Monday, October 29, 2012

Celeste and Jesse Forever

This is a funny, smart and very good romantic comedy with an element of melancholy that is rare in this genre (at least in the USA). It wasn't a success at the box office but a lot of critics liked it. The bureau chief was not familiar with Rashida Jones but she does a wonderful job as Celeste and also co-wrote the script with Will McCormack who plays the very amusing drug dealing friend. Andy Samberg of "Dick in a Box" fame plays Jesse. He is very good playing against his usual snarky type. It's the story of a couple who are best friends since high school, got married and are now getting divorced although they keep not finalizing it. There are a few things in the movie that don't work but by and large director Lee Tolland Kreiger did a very good job. I don't think it's still in the theaters but will surely hit Netflix soon.

Listening Post

The bureau can function as a fire spotting station but last night it was a listening post. The bureau chief and Madame Le Chef were eating dinner and checking the computer for the score in the 4th game of the World Series when we heard the city give an enormous roar. The computer had not updated yet but we knew the Giants had just won the Series. We went out on the back deck. The city was covered with a medium fog but people were screaming and setting off fireworks into it. There was joy in Mudville.

Monday, October 15, 2012

Odd Objects from the Archive

I haven't seen any films that I want to talk about so I've dusted off some photos from 2003. The bureau chef has been informed that this is called an anvil cloud and not a mushroom cloud.

A closer view.

The Bay Area has a strong tradition of car art. This is one of the most Baroque examples I've come across.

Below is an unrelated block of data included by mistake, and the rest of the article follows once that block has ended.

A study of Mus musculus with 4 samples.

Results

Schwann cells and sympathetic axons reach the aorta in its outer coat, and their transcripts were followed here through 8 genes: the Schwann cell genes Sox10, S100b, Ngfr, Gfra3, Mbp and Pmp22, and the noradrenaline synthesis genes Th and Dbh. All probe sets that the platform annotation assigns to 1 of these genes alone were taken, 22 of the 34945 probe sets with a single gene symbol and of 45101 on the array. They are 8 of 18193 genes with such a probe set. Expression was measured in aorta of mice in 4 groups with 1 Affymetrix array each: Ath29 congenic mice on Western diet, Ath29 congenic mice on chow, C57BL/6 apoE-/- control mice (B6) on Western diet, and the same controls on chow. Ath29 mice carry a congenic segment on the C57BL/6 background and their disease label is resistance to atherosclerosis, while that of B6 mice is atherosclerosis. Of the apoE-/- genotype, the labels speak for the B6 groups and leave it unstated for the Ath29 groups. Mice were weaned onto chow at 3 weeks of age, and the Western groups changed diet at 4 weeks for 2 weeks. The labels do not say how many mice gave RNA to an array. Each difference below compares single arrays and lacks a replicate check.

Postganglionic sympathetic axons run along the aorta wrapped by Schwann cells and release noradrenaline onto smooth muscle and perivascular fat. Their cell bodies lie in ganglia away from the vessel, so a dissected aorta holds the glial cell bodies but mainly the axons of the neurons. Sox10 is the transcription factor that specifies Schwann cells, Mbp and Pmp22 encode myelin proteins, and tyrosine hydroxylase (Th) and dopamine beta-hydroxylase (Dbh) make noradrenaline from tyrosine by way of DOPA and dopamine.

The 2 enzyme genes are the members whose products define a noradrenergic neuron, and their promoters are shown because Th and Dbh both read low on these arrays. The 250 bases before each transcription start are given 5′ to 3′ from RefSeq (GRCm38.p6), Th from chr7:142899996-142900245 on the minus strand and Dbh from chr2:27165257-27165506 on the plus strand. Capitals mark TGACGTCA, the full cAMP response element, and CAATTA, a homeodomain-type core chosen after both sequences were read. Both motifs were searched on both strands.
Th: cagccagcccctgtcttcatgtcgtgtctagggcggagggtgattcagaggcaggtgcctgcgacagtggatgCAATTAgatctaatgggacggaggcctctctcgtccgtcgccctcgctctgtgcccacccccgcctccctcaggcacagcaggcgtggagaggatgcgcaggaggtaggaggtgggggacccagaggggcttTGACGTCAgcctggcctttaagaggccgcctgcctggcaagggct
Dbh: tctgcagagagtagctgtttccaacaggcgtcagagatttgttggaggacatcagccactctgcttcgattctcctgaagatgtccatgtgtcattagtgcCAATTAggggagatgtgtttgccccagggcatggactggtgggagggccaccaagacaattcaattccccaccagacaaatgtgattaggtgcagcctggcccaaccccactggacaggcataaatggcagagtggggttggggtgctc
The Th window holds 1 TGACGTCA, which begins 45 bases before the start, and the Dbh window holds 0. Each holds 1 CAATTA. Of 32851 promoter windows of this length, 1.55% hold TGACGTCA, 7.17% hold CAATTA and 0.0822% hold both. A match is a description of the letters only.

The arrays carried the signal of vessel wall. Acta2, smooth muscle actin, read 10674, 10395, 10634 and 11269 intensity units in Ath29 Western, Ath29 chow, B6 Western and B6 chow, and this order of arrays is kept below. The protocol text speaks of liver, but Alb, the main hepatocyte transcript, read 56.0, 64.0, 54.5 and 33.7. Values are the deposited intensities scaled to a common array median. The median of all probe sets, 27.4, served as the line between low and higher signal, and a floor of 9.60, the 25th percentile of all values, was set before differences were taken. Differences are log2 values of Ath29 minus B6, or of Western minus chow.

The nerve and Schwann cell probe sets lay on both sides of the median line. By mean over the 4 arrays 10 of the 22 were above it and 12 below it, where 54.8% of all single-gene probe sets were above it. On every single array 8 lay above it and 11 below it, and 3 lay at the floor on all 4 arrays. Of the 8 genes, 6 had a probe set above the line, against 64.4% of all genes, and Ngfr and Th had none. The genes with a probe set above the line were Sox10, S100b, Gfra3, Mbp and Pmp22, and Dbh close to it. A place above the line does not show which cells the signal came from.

A detail.

Until we visited Santa Monica in 2003, I did not know there was a tradition of churches and other organizations putting up religious displays along the beach at Christmas time. The use of store mannequins and chicken wire to keep out the bums, is a nice touch.

An angel in an internment camp.

Tuesday, October 2, 2012

The Tomato Question Illuminated

Eventually someone was going to examine the question of why so many tomatoes are so tasteless and awful and how that came about. Well, as Walt Kelly said, "We have met the enemy and he is us".

It turns out that that in their urge to make tomatoes a uniform shape and a uniform red, and therefore more shippable and more salable, tomato growers bred out what made them sweet and delicious. We still have the previous tomatoes and we call them heirlooms. Here is an example of a particularly tasty one.

At the bureau we have spent the later summer and early fall rigorously testing the deliciousness of these odd shaped objects by cutting them up and applying salt, pepper, chopped shallots and olive oil.

We are happy to report that they are very delicious.